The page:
Settled into Blantyre: Let the prep work begin!

I’ve had a great first week in Blantyre preparing for my study! In my first few days of working at clinics in Malawi, I have been able to observe some interesting social dynamics related to child feeding and hygiene. As I had expected, most of the children have been brought in by their mothers (and are often breastfeeding throughout the appointment). However, a few children have been brought in by their fathers, which goes against the norms I’d anticipated and have observed. Another interesting factor is that it is currently harvesting season in many parts of Malawi, meaning that mothers have to be in the tea/bean/rice fields to harvest and replant and are unable to bring their children in to clinic. In one case, a granny brought in a child for this reason, but we’ve also counted many children not coming for their appointments for this reason.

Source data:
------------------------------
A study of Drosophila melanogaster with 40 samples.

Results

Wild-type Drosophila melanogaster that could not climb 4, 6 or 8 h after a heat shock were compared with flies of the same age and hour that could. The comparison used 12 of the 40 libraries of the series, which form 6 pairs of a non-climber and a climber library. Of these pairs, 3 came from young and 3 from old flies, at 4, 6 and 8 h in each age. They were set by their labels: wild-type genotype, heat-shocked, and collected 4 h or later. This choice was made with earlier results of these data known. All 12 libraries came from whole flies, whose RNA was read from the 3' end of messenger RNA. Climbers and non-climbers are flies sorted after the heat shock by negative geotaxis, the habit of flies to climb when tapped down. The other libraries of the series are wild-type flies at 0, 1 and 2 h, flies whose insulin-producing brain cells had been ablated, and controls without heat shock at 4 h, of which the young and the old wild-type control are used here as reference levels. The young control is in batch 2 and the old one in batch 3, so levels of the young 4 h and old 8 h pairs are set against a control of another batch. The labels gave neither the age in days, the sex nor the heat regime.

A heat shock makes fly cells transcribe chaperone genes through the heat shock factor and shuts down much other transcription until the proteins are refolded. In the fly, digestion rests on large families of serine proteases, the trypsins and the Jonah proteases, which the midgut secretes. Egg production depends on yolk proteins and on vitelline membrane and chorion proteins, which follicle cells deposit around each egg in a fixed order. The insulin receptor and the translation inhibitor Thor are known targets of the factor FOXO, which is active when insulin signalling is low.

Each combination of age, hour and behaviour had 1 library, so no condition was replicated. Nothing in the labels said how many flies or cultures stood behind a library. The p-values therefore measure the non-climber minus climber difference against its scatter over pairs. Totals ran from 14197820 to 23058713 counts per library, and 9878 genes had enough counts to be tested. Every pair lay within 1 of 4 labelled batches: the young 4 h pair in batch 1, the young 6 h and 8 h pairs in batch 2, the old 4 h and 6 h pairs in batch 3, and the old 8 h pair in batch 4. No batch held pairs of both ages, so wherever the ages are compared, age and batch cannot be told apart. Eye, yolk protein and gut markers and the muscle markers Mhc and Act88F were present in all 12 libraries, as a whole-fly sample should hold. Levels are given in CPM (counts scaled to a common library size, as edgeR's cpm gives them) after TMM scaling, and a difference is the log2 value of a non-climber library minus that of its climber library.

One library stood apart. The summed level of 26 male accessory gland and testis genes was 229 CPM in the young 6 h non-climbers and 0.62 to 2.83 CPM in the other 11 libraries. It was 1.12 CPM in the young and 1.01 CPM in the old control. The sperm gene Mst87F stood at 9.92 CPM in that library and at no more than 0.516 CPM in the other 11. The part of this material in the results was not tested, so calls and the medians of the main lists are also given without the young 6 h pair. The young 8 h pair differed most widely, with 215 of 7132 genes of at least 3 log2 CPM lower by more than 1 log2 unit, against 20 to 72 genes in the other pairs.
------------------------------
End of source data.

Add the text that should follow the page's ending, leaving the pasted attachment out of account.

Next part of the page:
Yesterday, for example, I was at Mbika, a clinic which typically sees 80 children. However, because of the harvest, 25 mothers did not bring their children in. Definitely something I hadn’t thought about.

I am also learning that patience is very much required to do research in this context. Though my research advisor and I submitted our research proposal to the Malawian ethics approval board in April, we are still waiting on it to be reconsidered (after it was sent back once with revisions). Mr. Chilumpha, who is the Malawian gentleman I am working with here, is looking for people to transcribe our interviews once they have been completed. I have talked with the other feeding clinic volunteers here to choose translators for the interviews, and I have decided to use the clinic nurses we bring with us as my translators.

Small steps towards the actual interview process, but it is teaching me patience, and I am staying very busy working daily at the clinics taking measurements of and processing children who come out for appointments!

African rush hour traffic

African rush hour traffic on the way to clinic!